An Important Conversation Before Sex
Meeting someone new or starting a relationship can bring happiness and exciting emotions. Texting can lead to dates, then steamy moments. Before long, a whirlwind romance begins. When the topic of sex comes up, some people want to head right to the good stuff. Having sex or exploring sexuality are natural parts of life. However, the urge for sex should not come before speaking about one’s human immunodeficiency virus (HIV) status. Statistics show that over 95,000 Texans live with HIV, with over 4,000 new cases yearly. Testing before penetration can make a big difference, especially for those with higher risk.
Should MSM be worried about HIV?
Of the over 95,000 HIV cases, over 75% are men. Gay men and cisgender men who have sex with men (MSM) are at a higher risk of contracting the virus. Furthermore, over 70% of these men fall in the Black and Latino communities. What puts men and MSM at risk? Anal penetration has the highest virus risk, and many men have sex without protection. Furthermore, there are ongoing stigmas and discrimination in these communities. Homophobia and transphobia can discourage men from getting tested or using medication to prevent the spread of HIV. Since HIV disproportionately affects MSM, some men are likely to encounter sexual partners with HIV. Therefore, having a conversation about HIV status becomes vital.
Don’t skip this test
Getting tested should be essential to sexual health, especially among MSM. Doctors recommend that at-risk people, especially men, get tested once yearly. Men with multiple partners and people who inject drugs can benefit from testing every 3-6 months. Now, testing is simple and accessible. For instance, antigen or antibody tests can provide preliminary results in 30 minutes. However, couples or men who have sex with multiple partners should consider standard HIV blood tests at least once yearly.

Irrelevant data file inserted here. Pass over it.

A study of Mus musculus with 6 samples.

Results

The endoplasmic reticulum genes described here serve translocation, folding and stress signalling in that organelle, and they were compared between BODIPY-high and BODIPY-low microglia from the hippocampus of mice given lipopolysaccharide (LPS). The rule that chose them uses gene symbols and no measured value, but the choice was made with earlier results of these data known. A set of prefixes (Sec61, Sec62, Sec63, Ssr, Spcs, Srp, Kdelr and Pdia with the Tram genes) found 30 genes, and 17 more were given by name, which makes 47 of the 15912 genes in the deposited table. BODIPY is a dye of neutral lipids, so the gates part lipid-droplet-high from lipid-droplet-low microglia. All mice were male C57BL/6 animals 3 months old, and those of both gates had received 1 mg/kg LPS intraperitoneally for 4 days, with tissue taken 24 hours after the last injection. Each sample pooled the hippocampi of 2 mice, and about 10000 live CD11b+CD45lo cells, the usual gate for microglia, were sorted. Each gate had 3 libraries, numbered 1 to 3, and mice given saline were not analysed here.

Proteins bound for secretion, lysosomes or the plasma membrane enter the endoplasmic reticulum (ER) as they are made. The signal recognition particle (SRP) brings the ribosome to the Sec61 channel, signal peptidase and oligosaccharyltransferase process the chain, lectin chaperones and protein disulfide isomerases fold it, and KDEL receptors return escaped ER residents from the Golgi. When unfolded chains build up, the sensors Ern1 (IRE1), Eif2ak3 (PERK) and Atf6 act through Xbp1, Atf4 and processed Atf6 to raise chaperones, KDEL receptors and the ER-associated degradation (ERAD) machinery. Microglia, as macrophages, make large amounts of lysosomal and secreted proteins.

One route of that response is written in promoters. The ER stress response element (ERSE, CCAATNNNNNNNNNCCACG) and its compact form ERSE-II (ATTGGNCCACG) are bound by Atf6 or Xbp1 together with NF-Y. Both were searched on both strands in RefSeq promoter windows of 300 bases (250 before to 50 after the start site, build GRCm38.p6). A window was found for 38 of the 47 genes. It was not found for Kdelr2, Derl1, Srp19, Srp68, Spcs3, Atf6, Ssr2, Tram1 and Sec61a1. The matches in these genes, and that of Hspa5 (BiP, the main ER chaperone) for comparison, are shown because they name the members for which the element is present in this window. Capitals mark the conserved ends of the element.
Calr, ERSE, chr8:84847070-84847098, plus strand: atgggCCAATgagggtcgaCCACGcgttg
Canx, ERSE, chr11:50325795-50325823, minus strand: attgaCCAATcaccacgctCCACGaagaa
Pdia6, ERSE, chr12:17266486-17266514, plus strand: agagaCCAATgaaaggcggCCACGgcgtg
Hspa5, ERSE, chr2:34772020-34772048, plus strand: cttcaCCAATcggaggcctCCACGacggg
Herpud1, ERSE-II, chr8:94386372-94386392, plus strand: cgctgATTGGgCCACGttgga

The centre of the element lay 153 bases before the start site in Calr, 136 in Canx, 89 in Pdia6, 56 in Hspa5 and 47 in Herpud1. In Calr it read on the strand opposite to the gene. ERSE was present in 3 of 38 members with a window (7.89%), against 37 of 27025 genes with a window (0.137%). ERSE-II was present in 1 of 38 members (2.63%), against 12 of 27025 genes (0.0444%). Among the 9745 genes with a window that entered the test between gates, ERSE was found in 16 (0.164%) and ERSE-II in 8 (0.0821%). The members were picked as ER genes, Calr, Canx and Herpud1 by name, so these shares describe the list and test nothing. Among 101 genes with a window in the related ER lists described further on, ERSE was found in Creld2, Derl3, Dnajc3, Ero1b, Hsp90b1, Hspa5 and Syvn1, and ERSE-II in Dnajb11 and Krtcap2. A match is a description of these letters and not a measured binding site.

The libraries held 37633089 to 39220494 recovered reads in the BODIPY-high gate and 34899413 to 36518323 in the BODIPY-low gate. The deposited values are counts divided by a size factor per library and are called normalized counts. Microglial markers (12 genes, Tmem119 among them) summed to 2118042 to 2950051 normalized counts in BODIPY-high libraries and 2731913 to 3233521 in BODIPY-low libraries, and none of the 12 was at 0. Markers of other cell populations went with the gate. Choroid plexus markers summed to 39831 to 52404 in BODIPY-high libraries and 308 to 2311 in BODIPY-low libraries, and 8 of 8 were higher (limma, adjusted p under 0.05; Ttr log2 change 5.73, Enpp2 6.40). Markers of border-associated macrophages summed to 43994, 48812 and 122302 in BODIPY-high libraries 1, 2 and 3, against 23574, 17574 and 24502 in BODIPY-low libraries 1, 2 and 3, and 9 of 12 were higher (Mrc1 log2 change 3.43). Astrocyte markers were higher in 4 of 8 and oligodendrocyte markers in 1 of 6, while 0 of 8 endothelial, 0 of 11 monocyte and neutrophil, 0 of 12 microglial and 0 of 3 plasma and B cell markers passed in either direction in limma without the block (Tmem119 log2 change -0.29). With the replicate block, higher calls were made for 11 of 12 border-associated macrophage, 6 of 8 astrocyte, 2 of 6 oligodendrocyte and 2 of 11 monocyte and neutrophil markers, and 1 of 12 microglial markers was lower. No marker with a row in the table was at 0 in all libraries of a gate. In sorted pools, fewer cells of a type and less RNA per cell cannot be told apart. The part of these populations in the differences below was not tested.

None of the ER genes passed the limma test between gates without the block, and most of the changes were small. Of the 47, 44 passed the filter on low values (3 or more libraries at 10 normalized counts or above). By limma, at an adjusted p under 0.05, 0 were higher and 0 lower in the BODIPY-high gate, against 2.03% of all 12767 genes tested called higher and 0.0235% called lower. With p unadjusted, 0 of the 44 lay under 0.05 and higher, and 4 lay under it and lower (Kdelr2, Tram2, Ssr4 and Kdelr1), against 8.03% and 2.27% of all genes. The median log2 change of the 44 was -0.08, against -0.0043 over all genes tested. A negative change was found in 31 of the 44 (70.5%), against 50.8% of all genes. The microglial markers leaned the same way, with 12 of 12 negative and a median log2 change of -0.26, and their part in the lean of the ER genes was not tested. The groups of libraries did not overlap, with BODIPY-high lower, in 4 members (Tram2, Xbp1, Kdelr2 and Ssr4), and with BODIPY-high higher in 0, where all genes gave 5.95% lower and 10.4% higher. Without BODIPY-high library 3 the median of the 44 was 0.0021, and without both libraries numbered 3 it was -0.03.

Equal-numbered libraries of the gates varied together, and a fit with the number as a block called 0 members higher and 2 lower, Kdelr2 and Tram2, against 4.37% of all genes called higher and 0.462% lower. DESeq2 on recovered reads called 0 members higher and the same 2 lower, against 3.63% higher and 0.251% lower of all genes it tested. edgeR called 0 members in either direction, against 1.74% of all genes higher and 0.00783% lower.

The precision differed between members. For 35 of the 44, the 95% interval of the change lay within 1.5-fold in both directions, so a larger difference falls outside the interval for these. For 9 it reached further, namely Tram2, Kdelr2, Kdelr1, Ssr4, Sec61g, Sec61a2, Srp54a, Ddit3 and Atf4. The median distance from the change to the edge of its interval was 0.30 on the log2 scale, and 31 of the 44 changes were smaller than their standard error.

Raising the topic
The topic of HIV awareness is uncomfortable, especially among men. However, when partners are on the same page before penetration, sex can be more enjoyable. Don’t hesitate to bring up the topic of HIV before the first time. Some sexual relationships start without knowing the person’s HIV or sexually transmitted infection (STI) status. If a couple has already had sex, protected or not, get tested before having sex again. Be open about any concerns and, if possible, get tested together. This simple step builds trust and reduces the spread of the virus. Sharing HIV+ and HIV- results helps partners to take steps to remain healthy.
Prevention over cure
Sex is an enjoyable, exciting experience, especially with a new partner. However, getting tested should take priority if there is a high risk of HIV. Testing protects both parties, especially high-risk groups, like men who have sex with men. Besides testing, take other steps to reduce the chances of contracting HIV. Avoid behaviors like sharing needles and unprotected sex with multiple partners. These both increase the risk of HIV. Learn proper condom use and consider options like pre-exposure prophylaxis (PrEP). In the end, open communication is the best way to have a healthy sex life.